Lunchbox diet guidelines
School lunches need more fruit and vegetables and less salt and fat.
By Emily Stephenson
The Agriculture Department issued a proposed rule that would require school lunch and breakfast programs to offer more leafy green and orange vegetables, limit starchy vegetables such as potatoes and corn to one cup per week, and gradually reduce the amount of sodium in meals.
Article originally in Reuters
The new dietary guidelines also advise cutting out sugary drinks and drinking water instead, and eating less overall.
Secretary of Agriculture Tom Vilsack released the guidelines, saying Americans are too fat.
More than one-third of children and two-thirds of adults in the United States are overweight or obese.
"The bottom line is that most Americans need to trim their waistlines to reduce the risk of developing diet-related chronic disease," said Vilsack.
The guidelines are available to consumers but are primarily used as the basis of nutrition education programs and school meals.
The Food and Nutrition Service said the rule was developed separately from the dietary guidelines but that the two are mostly in sync. The changes will most likely not take effect until the 2012-13 school year.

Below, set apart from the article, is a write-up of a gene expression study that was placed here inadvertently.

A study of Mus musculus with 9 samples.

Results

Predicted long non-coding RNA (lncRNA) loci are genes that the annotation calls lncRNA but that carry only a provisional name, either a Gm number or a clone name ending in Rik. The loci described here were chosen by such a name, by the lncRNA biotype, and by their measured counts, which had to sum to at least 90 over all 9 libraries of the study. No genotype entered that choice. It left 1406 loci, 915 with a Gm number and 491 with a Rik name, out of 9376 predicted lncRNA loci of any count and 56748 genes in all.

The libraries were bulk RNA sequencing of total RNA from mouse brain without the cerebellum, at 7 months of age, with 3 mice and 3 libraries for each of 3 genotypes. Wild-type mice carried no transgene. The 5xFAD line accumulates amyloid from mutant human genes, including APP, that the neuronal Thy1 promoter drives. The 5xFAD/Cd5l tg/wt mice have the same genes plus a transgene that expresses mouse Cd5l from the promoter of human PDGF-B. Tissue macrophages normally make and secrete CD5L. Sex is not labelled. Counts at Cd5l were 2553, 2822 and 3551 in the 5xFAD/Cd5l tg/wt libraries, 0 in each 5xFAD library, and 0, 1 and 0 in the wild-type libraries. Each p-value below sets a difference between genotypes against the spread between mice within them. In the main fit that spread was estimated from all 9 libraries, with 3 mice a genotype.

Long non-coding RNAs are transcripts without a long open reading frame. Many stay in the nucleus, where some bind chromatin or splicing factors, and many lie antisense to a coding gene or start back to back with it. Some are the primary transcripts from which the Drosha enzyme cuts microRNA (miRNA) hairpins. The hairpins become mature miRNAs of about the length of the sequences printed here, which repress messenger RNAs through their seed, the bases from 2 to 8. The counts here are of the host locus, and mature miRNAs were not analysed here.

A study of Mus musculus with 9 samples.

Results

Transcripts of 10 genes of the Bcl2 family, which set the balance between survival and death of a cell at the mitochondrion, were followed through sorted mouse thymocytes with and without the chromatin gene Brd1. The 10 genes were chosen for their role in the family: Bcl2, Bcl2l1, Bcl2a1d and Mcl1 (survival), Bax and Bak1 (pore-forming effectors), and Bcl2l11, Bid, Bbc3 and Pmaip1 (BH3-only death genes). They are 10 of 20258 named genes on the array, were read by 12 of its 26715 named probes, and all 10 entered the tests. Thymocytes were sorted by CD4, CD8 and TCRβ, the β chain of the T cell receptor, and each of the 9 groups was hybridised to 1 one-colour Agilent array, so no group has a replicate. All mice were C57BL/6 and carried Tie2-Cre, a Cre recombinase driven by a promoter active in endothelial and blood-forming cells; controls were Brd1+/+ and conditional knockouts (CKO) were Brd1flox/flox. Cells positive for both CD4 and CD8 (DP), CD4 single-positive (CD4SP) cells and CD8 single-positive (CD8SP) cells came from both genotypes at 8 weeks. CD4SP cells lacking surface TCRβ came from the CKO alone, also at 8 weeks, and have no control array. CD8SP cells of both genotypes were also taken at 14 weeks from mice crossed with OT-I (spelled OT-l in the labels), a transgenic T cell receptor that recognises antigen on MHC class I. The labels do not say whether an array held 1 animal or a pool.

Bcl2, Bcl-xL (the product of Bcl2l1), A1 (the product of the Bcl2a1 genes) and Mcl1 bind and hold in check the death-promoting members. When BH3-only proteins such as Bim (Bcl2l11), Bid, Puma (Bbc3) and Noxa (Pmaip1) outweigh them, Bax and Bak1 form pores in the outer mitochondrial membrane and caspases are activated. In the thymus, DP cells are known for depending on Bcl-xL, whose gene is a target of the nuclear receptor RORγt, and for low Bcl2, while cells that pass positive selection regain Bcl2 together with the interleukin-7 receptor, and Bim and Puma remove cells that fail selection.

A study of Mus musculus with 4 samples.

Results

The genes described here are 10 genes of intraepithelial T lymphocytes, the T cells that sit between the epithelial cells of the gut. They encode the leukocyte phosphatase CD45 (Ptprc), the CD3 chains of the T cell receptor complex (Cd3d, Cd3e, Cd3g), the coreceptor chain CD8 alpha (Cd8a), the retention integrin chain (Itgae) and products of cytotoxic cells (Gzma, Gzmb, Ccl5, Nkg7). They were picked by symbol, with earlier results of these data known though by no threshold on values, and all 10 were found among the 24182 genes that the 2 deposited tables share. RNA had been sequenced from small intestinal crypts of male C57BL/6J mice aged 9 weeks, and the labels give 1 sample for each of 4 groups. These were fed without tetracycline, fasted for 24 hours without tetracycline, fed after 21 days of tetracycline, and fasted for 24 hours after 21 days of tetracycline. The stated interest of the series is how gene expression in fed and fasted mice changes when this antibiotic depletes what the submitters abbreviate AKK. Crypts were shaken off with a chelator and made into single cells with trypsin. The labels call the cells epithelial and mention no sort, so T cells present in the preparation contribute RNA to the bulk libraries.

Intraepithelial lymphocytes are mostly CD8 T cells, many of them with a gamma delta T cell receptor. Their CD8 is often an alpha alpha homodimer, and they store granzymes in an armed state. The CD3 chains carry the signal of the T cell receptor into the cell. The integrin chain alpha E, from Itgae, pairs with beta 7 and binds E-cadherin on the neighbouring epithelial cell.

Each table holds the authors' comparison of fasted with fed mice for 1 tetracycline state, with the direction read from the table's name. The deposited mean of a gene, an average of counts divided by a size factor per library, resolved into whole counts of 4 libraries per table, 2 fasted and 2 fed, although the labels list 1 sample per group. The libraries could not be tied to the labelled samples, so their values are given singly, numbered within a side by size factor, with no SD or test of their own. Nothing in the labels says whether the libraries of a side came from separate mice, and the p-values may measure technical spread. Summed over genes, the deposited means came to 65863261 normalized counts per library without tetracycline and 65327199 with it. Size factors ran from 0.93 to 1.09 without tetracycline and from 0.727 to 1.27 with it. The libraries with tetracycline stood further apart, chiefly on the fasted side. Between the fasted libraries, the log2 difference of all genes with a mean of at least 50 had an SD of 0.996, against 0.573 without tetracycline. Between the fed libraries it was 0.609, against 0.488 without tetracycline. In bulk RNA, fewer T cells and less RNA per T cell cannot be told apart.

The guidelines include 23 key recommendations for the general public and six for specific groups such as pregnant women. General recommendations include avoiding oversized portions and balancing calorie reduction with exercise.
Some of the tips:
• Enjoy your food but eat less.
• Avoid oversized portions.
• Make half your plate fruits and vegetables.
• Switch to fat-free or low-fat (1 percent) milk.
• Compare sodium in foods like soup, bread and frozen meals and choose the foods with lower numbers.
• Drink water instead of sugary drinks.
What does your child's school lunchbox consist of?